People receiving mental health care are up to four times more likely to be infected with HIV than the general population, according to a new study published in the American Journal of Public Health from researchers at Penn Medicine and other institutions who tested over 1,000 patients in care in Philadelphia and Baltimore. Of that group, several new HIV cases were detected, suggesting that not all patients are getting tested in mental health care settings, despite recommendations to do so from the CDC and the Institute of Medicine.
The study is one of the largest studies to date to estimate HIV prevalence and risk factors among persons receiving treatment in mental health settings and included researchers from the Centers for Disease Control and Prevention (CDC), as well as the University of Maryland and Columbia University Medical Center.
“These findings paint a recent picture of HIV infection rates in the community, and reinforce how important it is to identify patients and get them into appropriate infectious disease care in a timely manner while being treated for mental illness,” said lead author Michael B. Blank, PhD, associate professor in Psychiatry at the Perelman School of Medicine. “With such a high-risk group, it’s imperative to be routinely testing patients to improve care and reduce transmissions to others. Historically, though, HIV testing is often not implemented in mental health care.”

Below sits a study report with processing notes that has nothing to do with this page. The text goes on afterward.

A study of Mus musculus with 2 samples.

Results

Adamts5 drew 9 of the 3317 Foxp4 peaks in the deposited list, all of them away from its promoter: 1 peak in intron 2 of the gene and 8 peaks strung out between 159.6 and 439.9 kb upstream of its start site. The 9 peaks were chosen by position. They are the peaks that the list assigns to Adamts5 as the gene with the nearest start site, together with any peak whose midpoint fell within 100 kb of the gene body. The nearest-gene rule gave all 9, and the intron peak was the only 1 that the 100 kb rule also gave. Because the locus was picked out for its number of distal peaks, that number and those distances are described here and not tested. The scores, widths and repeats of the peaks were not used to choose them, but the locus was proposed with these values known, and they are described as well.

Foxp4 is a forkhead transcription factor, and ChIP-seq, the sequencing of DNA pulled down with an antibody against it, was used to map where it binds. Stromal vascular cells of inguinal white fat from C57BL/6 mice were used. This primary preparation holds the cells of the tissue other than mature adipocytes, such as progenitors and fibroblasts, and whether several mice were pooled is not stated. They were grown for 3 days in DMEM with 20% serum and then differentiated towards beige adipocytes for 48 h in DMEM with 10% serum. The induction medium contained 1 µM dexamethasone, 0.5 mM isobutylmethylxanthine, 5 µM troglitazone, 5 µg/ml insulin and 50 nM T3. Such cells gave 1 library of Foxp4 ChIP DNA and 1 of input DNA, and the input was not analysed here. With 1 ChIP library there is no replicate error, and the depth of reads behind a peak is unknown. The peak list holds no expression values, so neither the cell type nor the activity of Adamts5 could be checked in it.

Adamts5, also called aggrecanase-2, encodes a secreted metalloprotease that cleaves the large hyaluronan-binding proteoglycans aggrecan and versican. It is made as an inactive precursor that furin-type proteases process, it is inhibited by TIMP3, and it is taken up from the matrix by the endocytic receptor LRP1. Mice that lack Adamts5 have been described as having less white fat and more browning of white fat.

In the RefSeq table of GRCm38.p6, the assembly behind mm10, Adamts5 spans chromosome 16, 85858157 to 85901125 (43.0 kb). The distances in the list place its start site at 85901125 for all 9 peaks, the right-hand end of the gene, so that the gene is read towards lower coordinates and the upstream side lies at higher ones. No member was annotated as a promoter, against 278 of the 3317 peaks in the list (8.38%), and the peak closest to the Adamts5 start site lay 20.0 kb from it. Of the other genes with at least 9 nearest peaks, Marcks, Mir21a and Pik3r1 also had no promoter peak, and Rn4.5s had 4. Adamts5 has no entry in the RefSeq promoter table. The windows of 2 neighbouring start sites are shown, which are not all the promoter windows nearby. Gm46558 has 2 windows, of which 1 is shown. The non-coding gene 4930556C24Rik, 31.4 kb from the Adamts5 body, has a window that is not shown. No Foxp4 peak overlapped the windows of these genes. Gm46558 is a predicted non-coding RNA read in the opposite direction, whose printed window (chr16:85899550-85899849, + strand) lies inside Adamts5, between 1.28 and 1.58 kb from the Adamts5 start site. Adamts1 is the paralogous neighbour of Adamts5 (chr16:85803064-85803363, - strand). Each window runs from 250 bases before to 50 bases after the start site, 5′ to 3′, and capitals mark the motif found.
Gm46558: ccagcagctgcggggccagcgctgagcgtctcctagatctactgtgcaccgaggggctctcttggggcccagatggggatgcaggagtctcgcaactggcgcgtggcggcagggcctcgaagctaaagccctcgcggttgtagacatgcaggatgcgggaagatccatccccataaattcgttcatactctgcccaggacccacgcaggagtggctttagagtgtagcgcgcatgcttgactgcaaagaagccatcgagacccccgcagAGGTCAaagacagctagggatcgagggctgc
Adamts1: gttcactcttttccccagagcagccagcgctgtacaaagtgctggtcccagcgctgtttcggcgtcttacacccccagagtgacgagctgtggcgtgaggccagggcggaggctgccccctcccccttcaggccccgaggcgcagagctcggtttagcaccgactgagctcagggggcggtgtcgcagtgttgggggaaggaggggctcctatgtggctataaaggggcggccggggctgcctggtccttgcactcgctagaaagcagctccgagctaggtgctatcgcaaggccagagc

For the study, researchers provided rapid HIV testing to 1,061 individuals (621 men and 436 women) seeking treatment for symptoms, including depression, psychosis, and substance abuse, at university-based inpatient psychiatry units, intensive case-management programs, and community mental health centers from January 2009 to August 2011. About 0.3 percent of the general population is HIV infected, and CDC estimates a much higher prevalence of 1.4 percent in Philadelphia and 1.3 percent in Baltimore, since both cities are HIV epicenters.
The research team found that 4.8 percent of the mental health patients receiving care (51 individuals) were infected with HIV, which is about four times the base rate in each city and about 16 times the base rate for the United States population.
Thirteen of the 51 infected patients reported that they did not know they were HIV positive, which represents an important failure in our public health system since they were already receiving ongoing mental health care. These results suggest that even in areas in the U.S. where prevalence is lower those with mental illness may be at substantially higher risk and should be routinely tested.
Results of the study also showed that persons with more severe symptoms of mental illness were at higher risk for being HIV-infected.